Helianthus petiolaris (Prairie Sunflower)
|Also known as:||Plains Sunflower|
|Habitat:||sun; dry sandy soil, prairies, along roads|
|Bloom season:||June - September|
|Plant height:||1 to 4 feet|
|Wetland Indicator Status:||none|
|MN county distribution (click map to enlarge):|
|National distribution (click map to enlarge):|
Leaves are rather variable—they may be triangular, oval, or shaped like the head of a spear. All leaves have a rough texture and somewhat wavy edges; the color is a dull green, sometimes bluish-green. There are 2 prominent lower veins that run parallel to the main center vein. There may be a few shallow teeth along the edge, but leaves are mostly toothless. The leaf size is variable depending on the shape. Elongated spear-shapes may be up to 6 inches long and 1 inch wide. Triangular leaves are up to 3½ inches long and 2 inches wide. Leaf stalks are ¾ to 1½ inches long, longer towards the base of the plant, becoming shorter as leaves ascend the stem. Stems are typically branched, and have a rough texture.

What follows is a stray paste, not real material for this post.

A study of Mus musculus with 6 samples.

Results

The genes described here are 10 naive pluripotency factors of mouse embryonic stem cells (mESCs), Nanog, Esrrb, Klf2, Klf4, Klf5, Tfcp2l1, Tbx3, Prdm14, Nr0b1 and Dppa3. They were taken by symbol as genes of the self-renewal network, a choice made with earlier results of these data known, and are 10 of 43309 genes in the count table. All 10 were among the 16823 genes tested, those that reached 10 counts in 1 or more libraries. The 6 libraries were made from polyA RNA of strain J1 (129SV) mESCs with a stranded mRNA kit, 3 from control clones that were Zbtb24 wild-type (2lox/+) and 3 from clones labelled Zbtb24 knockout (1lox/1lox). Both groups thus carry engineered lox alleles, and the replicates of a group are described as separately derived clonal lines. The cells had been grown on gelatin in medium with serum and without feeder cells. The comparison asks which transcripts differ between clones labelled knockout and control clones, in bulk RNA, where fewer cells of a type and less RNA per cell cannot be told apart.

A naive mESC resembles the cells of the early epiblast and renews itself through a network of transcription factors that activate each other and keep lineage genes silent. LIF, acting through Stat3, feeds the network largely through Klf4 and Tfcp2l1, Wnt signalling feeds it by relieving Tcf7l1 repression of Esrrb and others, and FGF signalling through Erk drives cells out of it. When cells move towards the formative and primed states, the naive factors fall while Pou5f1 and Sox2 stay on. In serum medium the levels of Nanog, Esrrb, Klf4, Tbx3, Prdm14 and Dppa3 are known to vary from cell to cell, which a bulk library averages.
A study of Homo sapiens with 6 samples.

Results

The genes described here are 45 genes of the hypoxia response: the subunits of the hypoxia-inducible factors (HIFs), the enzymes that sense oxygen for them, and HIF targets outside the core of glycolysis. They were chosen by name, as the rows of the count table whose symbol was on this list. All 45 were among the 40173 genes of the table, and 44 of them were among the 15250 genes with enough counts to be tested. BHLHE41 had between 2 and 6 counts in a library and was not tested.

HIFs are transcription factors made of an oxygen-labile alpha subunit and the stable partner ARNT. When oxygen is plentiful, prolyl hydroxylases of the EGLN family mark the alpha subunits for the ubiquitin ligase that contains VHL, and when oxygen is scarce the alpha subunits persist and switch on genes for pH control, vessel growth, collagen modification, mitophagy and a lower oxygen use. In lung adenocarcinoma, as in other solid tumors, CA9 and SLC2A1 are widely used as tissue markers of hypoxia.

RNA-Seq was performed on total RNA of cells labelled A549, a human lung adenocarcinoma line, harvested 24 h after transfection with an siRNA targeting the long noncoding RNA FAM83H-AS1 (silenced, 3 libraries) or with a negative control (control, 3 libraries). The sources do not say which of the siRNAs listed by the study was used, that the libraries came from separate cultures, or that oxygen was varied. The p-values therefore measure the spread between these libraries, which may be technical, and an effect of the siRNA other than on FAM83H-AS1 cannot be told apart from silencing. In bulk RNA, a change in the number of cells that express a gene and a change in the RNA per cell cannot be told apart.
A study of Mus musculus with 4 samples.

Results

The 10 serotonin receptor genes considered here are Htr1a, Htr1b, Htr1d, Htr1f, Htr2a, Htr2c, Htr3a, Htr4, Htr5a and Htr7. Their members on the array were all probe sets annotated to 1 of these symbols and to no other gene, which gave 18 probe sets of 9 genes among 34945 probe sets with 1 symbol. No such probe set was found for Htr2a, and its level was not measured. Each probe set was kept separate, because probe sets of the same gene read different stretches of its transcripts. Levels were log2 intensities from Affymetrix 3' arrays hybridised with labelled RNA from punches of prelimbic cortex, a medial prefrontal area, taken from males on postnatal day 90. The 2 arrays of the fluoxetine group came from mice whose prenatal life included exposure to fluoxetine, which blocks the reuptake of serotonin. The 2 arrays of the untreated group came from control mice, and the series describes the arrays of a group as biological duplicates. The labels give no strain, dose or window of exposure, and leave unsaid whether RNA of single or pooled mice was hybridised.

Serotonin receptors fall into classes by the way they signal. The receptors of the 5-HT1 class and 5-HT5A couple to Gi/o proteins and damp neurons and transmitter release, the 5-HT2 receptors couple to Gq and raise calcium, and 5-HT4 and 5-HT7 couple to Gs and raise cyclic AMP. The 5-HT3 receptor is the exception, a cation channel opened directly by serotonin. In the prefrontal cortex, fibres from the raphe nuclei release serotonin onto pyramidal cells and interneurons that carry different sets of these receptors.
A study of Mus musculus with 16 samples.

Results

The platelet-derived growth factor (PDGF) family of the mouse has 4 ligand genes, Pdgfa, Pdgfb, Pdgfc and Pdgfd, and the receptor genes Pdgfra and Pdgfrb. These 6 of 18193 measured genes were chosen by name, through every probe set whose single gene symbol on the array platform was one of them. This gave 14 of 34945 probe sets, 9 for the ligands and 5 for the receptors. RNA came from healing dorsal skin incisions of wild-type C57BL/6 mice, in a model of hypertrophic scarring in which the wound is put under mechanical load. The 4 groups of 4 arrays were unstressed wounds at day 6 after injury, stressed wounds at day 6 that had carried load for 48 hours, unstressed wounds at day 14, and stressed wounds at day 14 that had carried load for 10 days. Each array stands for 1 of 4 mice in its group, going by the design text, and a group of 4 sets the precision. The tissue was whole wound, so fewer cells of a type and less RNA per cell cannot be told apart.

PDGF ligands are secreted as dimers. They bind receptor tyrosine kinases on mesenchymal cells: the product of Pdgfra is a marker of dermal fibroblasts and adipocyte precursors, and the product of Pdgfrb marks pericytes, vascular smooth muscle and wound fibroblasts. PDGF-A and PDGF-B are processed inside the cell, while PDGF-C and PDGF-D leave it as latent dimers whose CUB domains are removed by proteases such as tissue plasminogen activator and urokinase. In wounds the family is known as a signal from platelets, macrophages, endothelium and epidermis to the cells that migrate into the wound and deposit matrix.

Prairie Sunflower can grow in clumps that make it look like a small bush, but it is not unusual to see single plants scattered around. It is not uncommon along sandy or gravelly roadsides in mid to late summer. While some references put the plant height at up to 6 feet, I have never seen it more than about 2 feet tall in Minnesota. Prairie Sunflower is distinguished from other MN native sunflowers by its alternate, mostly toothless, often triangular leaves and flowers with a brown, larger than average center disk. The plant most closely resembles Common Sunflower (Helianthus annuus) but in miniature. There are 2 (possibly 3) recognized subspecies: subsp. fallax, restricted to a few states in the southwest US, and subsp. petiolaris, whose range covers much of North America and is present in Minnesota.
- a bushy plant
- roadside Prairie Sunflower
- more flowers
- an isolated plant with spearhead-like leaves
Photos by K. Chayka taken at Long Lake Regional Park, Ramsey County. Other photos courtesy Peter M. Dziuk
Have you seen this plant in Minnesota, or have any other comments about it?